About NEDC

The Natalia Estemirova Documentation Center (hereinafter the Documentation Center) was established in 2010, through the cooperation of a number of international and Russian human rights organizations to ensure the documentation of grave human rights violations in the North Caucasus.

The Documentation Center’s activities are guided by standards of international human rights, humanitarian and criminal law. The fundamental principle of our work is the vision that lasting peace in the North Caucasus is impossible without justice, the establishment of truth and the preservation of a factual history of the armed conflicts of the 1990s and 2000s.

The Center promotes the analysis of facts, particularly the collection and processing of statistical data on killed and missing persons – or victims of other serious violations of human rights – and  the overall understanding of conflicts and their consequences for the entire region and population.

The objectives of the Documentation Center are:

  • To preserve historical memory and assist victims of the conflicts in their search for truth and justice;
  • To become a leading depository of documentation on international crimes and serious violations of human rights and humanitarian law in the North Caucasus;
  • To facilitate the availability of documentation in archives, websites and publications;
  • To contribute to eliminating impunity and strengthening the rule of law;
  • To contribute to the establishment of justice and lasting peace in the North Caucasus;
  • To become a trusted international authority and resource center for non-governmental organizations on matters of methodologies for the documentation of violations;
  • To interact with governmental, intergovernmental and non-governmental organizations, universities and research institutes;
  • To support and contribute to scientific research in various disciplines, such as contemporary history, sociology, anthropology, and international law; and
  • To strengthen the  capacity of, and provide training to, human rights organizations involved in the documentation of international crimes, and serious violations of human rights and humanitarian law.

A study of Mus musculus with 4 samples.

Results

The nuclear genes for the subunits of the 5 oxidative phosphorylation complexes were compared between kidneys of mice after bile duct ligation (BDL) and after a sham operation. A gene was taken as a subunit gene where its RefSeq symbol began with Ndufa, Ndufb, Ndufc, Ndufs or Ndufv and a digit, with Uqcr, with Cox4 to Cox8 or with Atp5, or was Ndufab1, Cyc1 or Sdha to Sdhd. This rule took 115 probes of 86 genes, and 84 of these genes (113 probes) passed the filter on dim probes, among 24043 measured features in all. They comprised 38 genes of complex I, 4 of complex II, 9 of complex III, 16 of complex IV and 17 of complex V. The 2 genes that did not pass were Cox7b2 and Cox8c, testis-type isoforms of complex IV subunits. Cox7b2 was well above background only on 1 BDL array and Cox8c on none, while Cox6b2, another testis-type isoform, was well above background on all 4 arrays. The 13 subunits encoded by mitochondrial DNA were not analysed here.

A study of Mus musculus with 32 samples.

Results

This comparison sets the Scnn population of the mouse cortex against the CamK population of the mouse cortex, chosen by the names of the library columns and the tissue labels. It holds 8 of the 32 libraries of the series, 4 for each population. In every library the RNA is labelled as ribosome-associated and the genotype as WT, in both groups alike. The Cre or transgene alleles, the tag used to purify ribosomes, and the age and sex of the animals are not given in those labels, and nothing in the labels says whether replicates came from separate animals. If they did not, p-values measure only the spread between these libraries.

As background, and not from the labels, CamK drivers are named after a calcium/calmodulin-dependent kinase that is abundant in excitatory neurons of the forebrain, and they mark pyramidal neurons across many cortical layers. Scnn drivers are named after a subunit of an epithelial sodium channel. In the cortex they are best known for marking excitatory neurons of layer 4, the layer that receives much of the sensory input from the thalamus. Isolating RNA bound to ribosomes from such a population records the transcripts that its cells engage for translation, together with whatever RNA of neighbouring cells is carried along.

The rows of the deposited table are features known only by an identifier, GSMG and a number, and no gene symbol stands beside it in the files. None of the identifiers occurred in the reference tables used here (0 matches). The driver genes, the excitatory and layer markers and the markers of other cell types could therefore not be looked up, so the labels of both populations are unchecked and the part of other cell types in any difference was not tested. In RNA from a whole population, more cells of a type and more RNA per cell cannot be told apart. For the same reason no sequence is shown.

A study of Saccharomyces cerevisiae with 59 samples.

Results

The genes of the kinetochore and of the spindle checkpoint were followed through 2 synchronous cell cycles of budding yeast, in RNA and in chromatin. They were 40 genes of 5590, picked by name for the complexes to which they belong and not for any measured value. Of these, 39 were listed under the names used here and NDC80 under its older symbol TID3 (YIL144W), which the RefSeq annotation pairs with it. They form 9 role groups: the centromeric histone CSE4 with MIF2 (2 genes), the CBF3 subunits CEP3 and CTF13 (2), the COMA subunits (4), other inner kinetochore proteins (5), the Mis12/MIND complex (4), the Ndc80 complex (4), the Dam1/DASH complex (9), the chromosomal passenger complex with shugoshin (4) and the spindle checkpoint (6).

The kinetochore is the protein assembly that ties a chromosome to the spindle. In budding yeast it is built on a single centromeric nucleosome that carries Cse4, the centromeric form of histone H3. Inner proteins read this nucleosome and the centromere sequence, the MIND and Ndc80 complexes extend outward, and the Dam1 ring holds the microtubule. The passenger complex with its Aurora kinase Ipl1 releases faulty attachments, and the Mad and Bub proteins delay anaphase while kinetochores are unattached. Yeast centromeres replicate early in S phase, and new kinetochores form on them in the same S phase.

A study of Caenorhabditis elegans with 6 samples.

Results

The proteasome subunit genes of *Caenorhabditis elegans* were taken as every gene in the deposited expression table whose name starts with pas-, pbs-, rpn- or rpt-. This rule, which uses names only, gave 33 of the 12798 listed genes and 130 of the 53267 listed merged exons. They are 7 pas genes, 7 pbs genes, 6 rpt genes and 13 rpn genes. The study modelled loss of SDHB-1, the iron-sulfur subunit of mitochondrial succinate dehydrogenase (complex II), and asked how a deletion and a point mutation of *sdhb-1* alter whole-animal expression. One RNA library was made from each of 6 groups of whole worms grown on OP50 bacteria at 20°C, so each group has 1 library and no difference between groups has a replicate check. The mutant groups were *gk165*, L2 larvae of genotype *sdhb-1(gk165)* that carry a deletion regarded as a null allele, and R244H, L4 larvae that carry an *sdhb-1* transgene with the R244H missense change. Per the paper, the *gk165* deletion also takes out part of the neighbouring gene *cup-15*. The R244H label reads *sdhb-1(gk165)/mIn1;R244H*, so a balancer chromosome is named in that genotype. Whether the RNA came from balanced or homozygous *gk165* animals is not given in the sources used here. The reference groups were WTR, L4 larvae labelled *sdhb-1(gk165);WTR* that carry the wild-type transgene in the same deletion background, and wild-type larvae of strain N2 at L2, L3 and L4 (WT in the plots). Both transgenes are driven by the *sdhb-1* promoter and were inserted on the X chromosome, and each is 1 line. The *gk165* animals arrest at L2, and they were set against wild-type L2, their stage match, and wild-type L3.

The following human rights organizations are members of the Advisory Council of the Documentation Center:

Norwegian Helsinki Committee (Norway) 
Centre de la Protection Internationale (France and Russia) 
Memorial Human Rights Centre (Russia) 
Stichting Justice Initiative (Netherlands) 
Committee against Torture (Russia) 
Human Rights Watch 
International Federation of Human Rights, FIDH 
Civil Rights Defenders (Sweden) 

The Documentation Center began its work with the collection of materials provided by human rights organizations. Following years of activity in the North Caucasus, these organizations published large amounts of various types of documents, including: eyewitness and victim testimonies, audio and video evidence of incidents, descriptions of various events, as well as official correspondence with state authorities concerning various incidents. All of these materials are subsequently collected by the Documentation Center for archiving and further use by researchers, historians and lawyers.

The second phase of the Center’s work involves describing and systematizing the materials received, identifying victims and incidents, and registering this data in the electronic database. Analysts have worked hard compiling materials from various organizations – including data from state and international organizations – determining the number of victims described in separate incidents and verifying the information. For the first time, materials registered in the electronic database provide a more or less accurate figure of the number of civilian casualties of the second armed conflict in the North Caucasus (the majority of the materials relating to the first Russian-Chechen war, as well as the Ossetian-Ingush conflict, are yet to be analyzed). It has become possible to determine the minimum number of incidents during which human rights violations occurred, including the varying degrees of destruction and looting of property.

Some components of these activities are presented on our website. In the “Search” section one can find a description of incidents during which certain crimes against civilians were committed. Statistical data and the analysis of various types of violations can be found under “Publications”. Based on 33,320 documents registered in the Database, more than 5,794 incidents have been identified and described by the Center’s analysts. Currently, the interactive website map illustrates a number of these incidents. However, this will continue to be updated with descriptions of other incidents and new publications.

The Documentation Center is named after the well-known Chechen human rights defender Natalia Estemirova, who was abducted and killed on 15 July 2009. The materials of her work are partially analyzed and registered in our electronic database. There are also testimonies of our other friends and colleagues who gave their lives to the struggle for truth and justice. We hope that the activities within the framework of our project will be commemorative of their courage.